The Wonder Of Worm Farms

Who would ever think that a bunch of kitchen leftover and garbage could turn out to be something productive and useful- this is where the wonder of worm farms comes in.

Surprisingly, worm farms are a great way of turning leftover kitchen scraps into rich yet affordable and highly-potent organic fertilizer.

This is especially true if you happen to live in a small apartment where you can create your own worm farm right smack in your balcony, porch or small yard, since all that is needed is a cool and well shaded spot.

If you think that making a worm farm is difficult, think again, all you need are your daily kitchen scraps and leftovers and polystyrene boxes, better yet, even used broccoli boxes from vegetable and fruit shops.

Start off by choosing a nice spot for worms to live and make sure that the spot is not too hot nor too cold.

If you happen to use polystyrene boxes, you will need at least two with one needing a lid. If a lid is not available, one can make a simple piece using a breathable yet sturdy box boards or cement-bonded thin plywood-like sheets.

Since these polystyrene boxes do not have holes in them, you will need to make about 20-30 small holes the size of a 50-cent coin in the bottom of one box.

Then place the lid on the box with the holes and place this on top of the one without the holes, since placing one top of the other will maximize limited space.

The bottom box will also catch the liquid or urine produced by the worms, which is called the worm tea and is also a good alternative to liquid fertilizers.

In the box with the holes, place about 2 inches of bedding made from compost, which is a mixture of shredded paper, box cartons and withered leaves.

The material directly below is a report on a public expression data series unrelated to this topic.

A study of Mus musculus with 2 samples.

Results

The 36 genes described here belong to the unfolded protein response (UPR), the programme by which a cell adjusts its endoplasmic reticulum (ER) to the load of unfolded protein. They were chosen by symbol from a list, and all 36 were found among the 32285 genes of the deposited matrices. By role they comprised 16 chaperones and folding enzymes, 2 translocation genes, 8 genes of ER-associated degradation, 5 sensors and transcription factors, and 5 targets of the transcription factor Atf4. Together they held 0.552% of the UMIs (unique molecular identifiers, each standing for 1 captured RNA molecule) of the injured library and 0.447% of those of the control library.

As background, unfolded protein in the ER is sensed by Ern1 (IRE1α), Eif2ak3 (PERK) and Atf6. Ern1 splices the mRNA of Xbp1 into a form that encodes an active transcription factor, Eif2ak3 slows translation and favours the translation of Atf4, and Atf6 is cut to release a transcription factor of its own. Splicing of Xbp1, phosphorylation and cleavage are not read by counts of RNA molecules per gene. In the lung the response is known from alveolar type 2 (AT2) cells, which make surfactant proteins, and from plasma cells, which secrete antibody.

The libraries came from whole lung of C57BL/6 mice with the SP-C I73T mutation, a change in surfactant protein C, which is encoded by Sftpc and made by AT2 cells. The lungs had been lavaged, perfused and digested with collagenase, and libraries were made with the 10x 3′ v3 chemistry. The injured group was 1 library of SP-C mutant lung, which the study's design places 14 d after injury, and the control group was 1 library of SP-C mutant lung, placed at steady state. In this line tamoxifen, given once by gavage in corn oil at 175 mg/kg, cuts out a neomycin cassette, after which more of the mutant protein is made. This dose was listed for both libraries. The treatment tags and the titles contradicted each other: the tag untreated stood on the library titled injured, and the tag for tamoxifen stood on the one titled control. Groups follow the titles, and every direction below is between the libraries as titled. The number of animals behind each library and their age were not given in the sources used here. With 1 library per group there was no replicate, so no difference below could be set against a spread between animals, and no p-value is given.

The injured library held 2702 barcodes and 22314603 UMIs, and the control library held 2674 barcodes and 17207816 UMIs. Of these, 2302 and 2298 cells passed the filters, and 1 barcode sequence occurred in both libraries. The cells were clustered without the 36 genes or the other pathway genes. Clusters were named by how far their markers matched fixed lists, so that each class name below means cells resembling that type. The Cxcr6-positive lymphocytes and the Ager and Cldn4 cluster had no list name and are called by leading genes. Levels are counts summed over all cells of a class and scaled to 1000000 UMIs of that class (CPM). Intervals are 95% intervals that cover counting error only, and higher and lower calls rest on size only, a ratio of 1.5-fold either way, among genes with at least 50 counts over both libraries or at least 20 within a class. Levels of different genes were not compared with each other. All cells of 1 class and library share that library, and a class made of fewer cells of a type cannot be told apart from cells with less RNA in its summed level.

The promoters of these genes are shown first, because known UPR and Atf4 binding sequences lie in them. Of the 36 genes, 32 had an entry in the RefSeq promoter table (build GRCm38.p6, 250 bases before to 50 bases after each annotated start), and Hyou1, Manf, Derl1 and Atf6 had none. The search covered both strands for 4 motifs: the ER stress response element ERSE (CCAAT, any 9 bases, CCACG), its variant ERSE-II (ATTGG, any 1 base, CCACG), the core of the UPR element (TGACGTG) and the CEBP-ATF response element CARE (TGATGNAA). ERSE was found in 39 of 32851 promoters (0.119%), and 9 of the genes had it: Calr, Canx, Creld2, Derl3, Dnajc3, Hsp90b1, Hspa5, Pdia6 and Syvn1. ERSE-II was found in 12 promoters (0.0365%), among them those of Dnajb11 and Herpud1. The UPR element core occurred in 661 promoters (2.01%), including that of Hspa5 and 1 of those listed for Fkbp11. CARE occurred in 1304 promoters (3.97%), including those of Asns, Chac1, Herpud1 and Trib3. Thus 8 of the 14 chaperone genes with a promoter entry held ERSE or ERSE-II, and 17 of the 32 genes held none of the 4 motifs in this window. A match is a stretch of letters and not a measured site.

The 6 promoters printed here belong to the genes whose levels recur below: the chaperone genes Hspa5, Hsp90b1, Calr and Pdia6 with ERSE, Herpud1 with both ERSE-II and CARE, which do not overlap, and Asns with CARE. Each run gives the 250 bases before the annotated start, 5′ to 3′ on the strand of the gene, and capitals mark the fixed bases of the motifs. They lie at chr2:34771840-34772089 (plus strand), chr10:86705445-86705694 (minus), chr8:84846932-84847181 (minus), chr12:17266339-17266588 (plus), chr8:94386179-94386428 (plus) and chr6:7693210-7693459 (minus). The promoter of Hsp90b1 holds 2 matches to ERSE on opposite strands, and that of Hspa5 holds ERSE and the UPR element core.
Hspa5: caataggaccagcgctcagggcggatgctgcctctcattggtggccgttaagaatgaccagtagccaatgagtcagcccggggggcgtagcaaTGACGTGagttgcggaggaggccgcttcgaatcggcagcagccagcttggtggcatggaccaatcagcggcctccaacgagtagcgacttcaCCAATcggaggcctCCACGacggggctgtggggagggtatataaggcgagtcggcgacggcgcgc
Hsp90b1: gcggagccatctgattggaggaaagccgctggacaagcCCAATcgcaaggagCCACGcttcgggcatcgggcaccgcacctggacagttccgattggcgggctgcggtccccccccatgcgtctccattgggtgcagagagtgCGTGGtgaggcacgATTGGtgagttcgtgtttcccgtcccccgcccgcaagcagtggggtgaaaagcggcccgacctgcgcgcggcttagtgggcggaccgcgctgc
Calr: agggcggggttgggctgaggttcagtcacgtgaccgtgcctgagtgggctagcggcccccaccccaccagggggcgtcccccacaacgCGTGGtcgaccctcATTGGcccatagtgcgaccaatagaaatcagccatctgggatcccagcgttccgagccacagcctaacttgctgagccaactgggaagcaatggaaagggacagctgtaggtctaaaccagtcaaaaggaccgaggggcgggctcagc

The compost bedding should be around 2 to 3 inches deep and you can add in around 1,000-1,200 worms per box.

You can find hundreds of worm growers all over America who cultures and sell worms for farming, you may look them up using the Yellow Pages or searching on the Internet, especially if you hope to find one within your locality or one that is close to where you are.

Worms used for worm farms are ideally called compost worms and are not the same as the the common earthworm that can be found anywhere.

Ideal ones that can be used for worm farms are the red wrigglers and tiger worms.

You may need to cover the bedding with a layer of newspaper, old torn carpets or any material that will keep the worm bedding dark and moist.

Once the worms start burrowing into the bedding, in about two to three days, you can start adding small amounts of kitchen scraps and leftovers like fruit peelings except from acidic fruits like oranges and citruses, vegetables, used tea leaves and ground coffee, but make sure to shred it into small tiny pieces for quick consumption and easy digestion.

Avoid oil-based foods and dairy products, since these are also acidic for worms.

Make it a point not to resume feeding after the previous feeding batch is totally or almost 95% consumed.

Adequate and balanced feeding allow worms to produce manure or a by-product which is a rich, soil-like substance called “castings” or “vermicompost” which is one of the best fertilizers that ensure productive and healthy vegetation.

To harvest castings from the worm farm bed, you can move the castings by gathering them to one side of the tray and add new food to the other side to allow the worms to forage on the new food source, which will allow you to scrape off the castings from the other side.

The liquid that collects at the bottom of the box is worm urine mixed and is also called the ‘worm tea’ and can be used as liquid fertilizer once diluted with water.

Nowadays, it would be best to make the most out of everything, including what could be recycled and redone – that is the wonder of worm farms.